We’ve had an incredible autumn, and after a lousy summer we have had long periods without any clouds since August. It’s typical that the rain showed up again just as we are getting a supermoon, which is a full moon in its closest possible position to Earth.
This is not an unusual phenomenon, but the Moon hasn’t been this close to Earth since 1948. I’m not suggesting that the Moon has some supernatural effect on us, but this particular supermoon reminds us of a weird coincidence.
1948 was also an election year and the newspaper Chicago Herald Tribune made a remarkable blunder. Polls were relatively new as a tool for predicting a winner in an election, but it had been done long enough for there to be a tough competition. The most known companies were Gallup, Roper and Crossley. They had been accurate in 1936, 1940 and 1944, but things didn’t go quite as expected in 1948. Gallup called Dewey as the winner with 50 percent, while Truman had 44 percent and two other candidates got the remaining 6 percent. The actual result was almost exactly reversed. Truman had 50 percent, Dewey 45 and the other candidates got 5 percent of the votes.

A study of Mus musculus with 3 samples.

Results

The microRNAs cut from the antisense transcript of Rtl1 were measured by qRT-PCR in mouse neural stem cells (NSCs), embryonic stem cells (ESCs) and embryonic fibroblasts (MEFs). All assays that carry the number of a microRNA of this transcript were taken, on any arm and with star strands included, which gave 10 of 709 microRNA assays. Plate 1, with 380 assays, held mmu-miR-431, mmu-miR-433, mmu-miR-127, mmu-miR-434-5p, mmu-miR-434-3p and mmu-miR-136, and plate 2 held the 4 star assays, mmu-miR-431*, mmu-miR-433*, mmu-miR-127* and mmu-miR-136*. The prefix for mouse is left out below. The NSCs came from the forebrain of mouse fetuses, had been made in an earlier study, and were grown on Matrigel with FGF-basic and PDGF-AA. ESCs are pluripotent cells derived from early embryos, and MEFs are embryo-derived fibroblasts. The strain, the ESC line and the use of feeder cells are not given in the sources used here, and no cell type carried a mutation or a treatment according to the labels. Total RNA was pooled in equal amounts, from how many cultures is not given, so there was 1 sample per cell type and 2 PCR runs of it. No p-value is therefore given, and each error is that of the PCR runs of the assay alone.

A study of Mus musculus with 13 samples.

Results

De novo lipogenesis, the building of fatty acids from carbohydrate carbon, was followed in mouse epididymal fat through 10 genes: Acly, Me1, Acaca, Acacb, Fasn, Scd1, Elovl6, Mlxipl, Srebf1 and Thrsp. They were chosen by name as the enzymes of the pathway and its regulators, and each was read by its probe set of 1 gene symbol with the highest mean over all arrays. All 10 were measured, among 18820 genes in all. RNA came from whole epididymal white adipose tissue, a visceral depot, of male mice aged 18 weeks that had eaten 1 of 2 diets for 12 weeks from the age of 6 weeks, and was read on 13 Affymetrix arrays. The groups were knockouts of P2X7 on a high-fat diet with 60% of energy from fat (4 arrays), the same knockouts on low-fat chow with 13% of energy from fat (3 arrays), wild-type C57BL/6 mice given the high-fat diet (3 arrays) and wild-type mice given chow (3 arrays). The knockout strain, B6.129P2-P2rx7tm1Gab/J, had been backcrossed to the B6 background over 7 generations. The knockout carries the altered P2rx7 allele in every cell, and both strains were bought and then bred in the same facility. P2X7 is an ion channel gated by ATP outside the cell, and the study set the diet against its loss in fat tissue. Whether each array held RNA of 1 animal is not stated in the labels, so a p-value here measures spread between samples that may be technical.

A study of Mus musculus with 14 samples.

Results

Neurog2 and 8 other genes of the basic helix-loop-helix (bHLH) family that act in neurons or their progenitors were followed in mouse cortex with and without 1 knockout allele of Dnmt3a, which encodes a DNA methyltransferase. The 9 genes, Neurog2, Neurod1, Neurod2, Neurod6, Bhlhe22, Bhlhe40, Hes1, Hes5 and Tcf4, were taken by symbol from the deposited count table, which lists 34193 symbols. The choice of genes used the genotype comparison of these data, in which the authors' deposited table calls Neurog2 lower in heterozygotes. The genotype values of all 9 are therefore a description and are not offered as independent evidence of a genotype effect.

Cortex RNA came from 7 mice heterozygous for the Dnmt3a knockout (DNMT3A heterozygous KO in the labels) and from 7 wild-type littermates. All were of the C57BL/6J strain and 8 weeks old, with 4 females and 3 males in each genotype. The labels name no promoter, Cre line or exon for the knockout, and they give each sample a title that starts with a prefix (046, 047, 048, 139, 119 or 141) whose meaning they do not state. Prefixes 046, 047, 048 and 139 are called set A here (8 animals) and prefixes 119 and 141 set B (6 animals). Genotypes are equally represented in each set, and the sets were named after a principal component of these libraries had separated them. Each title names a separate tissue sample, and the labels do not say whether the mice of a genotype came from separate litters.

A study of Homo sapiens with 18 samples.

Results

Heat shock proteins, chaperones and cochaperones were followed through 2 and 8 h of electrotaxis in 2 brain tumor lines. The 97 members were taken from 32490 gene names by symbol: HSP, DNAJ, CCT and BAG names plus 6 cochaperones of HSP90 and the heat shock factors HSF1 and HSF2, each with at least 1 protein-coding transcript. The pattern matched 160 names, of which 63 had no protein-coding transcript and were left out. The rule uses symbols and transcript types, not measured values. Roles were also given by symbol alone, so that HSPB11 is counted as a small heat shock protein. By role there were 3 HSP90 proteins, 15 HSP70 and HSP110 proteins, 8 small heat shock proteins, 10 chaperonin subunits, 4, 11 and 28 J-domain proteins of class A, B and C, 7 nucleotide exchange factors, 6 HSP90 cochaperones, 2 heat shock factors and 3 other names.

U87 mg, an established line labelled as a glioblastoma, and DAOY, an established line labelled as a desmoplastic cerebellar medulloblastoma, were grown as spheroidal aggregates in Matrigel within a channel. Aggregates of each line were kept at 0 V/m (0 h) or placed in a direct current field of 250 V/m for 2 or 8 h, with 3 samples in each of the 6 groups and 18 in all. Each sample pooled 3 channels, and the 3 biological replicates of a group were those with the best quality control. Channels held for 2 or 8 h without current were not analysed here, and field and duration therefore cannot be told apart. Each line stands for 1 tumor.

The result was just as shocking to Americans as Trump’s victory this year. Everybody expected an easy victory for the Republicans, so Chicago Tribune didn’t think it took a risk by printing the result early. This would probably have been forgotten if someone had not taken a picture that would become quite iconic. It shows Truman smiling to the camera while reading that famous edition of Chicago Tribune. He supposedly said Ain’t the way I heard it.
Trump could be an interesting choice. He is not the candidate the political and financial elite wanted. It may not happen, but this could be an opportunity for the people to take some of the power back. This reminds me of Occupy Wall Street, and Donald Trump has possibilities for real change. There are of course many disturbing sides of the president elect, but what matters is action. Trump is a business man that passionately presents a simple message. He has to deliver of course, but Congress needs to let him if he intends to do some good.